And this time it’s going to be kept, honestly it is. This is not going to be yet another of those New Year’s Eves when good intentions evaporate at the bottom of the extra glass raised to toast the start of another 12 months.
So goes the determination in countless households and hearts across Yorkshire and beyond, as a farewell – fond or otherwise – is bidden to 2013 and the dawn of 2014 feels like the opportunity for a new beginning.
All the old chestnuts will be putting in an appearance. Giving up smoking, getting fitter, cutting down on the booze can be counted on to surface with the inevitability of night following day.
The middle-aged, whose every New Year seems to bring a thickening of the waistline, will resolve that this is the year when the rot must stop and a return to the svelte – or so it seems in retrospect – and snake-hipped figure of the 20s is begun.
Websites and catalogues will be browsed in search of exercise bikes, gym memberships will be mulled over and the opening times of the local swimming baths looked up. Reduced-calorie recipes will be turned to in the cookbook and passing joggers barely breaking a sweat regarded with a touch of envy.
The morning paper will be collected on foot, instead of by car, at least until the first wintry downpour brings its bearer home soaked and shivering. Holidays spent walking or cycling instead of lazing on a beach will be considered.
And all without moving from the comfort of the armchair, basking in the warmth of the central heating as wind howls and the rain rattles against the windows.
Because that’s the trouble with New Year resolutions. They’re pipe dreams that mostly don’t get acted upon, virtuous notions that seem like terribly good ideas but end up being simply too much trouble in the grey depths of January when the lighter evenings and summer sunshine that beckon towards activity seem impossibly distant.
So many of them are prompted by guilt at over-indulgence during Christmas, and the sinking feeling that comes with the silent admonishment of the bathroom scales or the waistband of the trousers that have become inexplicably tighter than they were a few weeks ago.
Like Scrooge insisting to himself that a spirit’s appearance is a nightmare prompted by an undigested piece of cheese, so our resolutions are often enough an emotional hiccup from too much food and drink. And, like hiccups, resolutions vanish as suddenly as they appear.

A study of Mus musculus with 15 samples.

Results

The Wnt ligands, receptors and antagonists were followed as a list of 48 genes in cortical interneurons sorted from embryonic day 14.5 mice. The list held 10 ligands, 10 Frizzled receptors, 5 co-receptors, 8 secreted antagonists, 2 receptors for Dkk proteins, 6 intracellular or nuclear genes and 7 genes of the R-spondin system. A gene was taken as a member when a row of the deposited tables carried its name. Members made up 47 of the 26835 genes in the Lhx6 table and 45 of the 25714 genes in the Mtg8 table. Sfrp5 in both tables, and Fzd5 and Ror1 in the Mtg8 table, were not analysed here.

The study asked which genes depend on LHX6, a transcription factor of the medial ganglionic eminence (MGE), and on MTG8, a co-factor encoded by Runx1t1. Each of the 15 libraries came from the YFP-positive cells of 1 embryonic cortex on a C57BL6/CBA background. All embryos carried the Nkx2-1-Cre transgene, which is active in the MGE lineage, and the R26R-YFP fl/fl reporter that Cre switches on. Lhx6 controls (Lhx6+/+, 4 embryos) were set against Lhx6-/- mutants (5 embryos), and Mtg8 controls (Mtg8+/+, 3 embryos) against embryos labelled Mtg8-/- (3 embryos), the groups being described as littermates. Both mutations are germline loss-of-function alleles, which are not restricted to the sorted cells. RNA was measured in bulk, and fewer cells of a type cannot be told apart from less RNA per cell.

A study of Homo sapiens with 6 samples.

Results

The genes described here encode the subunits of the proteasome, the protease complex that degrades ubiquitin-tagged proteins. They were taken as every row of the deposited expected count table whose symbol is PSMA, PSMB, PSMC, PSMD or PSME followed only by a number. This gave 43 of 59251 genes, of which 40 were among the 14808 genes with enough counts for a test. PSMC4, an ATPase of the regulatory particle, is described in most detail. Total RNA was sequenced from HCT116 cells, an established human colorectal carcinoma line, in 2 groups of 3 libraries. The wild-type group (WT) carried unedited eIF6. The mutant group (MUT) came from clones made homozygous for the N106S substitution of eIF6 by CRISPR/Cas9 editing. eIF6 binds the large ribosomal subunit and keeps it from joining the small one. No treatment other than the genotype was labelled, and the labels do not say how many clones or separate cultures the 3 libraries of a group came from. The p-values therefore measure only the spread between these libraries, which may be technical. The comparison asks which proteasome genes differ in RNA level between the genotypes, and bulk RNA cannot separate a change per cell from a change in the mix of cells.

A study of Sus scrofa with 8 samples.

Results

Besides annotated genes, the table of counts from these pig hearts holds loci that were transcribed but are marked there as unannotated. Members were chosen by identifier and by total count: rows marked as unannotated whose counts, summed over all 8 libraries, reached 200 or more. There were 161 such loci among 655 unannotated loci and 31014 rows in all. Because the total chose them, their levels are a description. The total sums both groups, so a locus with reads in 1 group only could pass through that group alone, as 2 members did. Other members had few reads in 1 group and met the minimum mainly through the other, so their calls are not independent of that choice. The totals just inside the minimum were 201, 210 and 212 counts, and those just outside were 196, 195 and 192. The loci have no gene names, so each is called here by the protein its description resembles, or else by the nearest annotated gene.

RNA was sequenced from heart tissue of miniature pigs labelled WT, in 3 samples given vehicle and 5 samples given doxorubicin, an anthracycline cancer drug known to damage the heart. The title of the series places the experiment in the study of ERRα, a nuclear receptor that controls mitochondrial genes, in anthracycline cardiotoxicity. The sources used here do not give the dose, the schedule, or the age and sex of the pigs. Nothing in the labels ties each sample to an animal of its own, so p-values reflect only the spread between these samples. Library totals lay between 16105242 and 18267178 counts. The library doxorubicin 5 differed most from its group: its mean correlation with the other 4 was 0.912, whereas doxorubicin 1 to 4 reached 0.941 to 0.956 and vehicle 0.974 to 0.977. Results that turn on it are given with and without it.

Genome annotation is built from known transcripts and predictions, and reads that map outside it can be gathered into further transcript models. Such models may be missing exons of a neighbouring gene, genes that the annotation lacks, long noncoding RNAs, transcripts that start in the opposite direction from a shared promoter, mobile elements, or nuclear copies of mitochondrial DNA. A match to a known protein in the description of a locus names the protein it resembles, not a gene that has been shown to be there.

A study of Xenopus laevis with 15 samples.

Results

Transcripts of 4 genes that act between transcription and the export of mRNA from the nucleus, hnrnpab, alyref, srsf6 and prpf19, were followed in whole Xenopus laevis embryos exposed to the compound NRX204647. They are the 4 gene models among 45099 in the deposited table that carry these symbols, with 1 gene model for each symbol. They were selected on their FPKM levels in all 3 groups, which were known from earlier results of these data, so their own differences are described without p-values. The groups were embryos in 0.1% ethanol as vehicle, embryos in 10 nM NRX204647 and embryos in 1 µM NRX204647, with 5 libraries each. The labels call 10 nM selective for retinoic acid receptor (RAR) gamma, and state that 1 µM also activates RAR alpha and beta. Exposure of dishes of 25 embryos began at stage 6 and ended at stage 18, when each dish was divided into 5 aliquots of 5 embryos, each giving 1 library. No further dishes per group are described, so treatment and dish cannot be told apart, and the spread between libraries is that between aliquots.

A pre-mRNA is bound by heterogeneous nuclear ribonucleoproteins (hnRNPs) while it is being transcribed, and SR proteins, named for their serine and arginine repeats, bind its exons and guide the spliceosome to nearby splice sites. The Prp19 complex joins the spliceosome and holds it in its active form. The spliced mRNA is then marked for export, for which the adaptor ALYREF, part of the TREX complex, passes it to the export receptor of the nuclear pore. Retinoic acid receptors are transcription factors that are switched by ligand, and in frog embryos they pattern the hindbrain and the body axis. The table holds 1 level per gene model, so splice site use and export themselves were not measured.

Come the end of January, with winter’s grip at its tightest, the resolve to lose weight, get fitter and eat healthier has been buried under the need for warming comfort food to insulate against the frost and snow. The low-calorie recipes have been abandoned in favour of rib-sticking stodge, and the passing joggers with blue noses no longer regarded with admiration, but a silent “Rather you than me, mate”.
But there are those who do stick to their resolutions, and the rest of us can only applaud their willpower, especially if their goal is high-minded.
Such lofty intentions made a friend take up the violin, and the blood-curdling, fingernails-down-a-blackboard sounds emanating from the house suggested that he had taken leave of his senses and was doing something appalling to his beloved ginger cat.
But no, Tigger was in his usual place by the front door, purring contentedly, which was more than my friend’s wife could manage in the face of the unmusical torture. That particular resolution lasted until about March, when it fell by the wayside in the face of an ultimatum that either the violin went or she would.
Lower motives can also make New Year resolutions stick. A neighbour in Sheffield, weary of being plagued by unwanted callers attempting to sell everything from cleaning products to religion, resolved that this would be the year when he put a stop to it.
Having a handsome brass plaque made in the great metal bashing city was no trouble at all, and in due course he collected it. It read: “If you haven’t been invited, don’t knock on this door.” It was a splendid piece of work. His wife was appalled, and the plaque consigned to the cellar without it ever being given the chance to discourage hawkers.
But there’s a lesson for us all in the determination to scrape away at a violin or be rude to people trying to earn a living by going door to door, and that’s to set a simple goal and try to stick to it.
So I’ll be making a straightforward New Year resolution which I think I’ll be able to stick to because I’ll keep it in mind from January to December, and that’s to make 2014 the best it can possibly be. Have a very happy and peaceful New Year.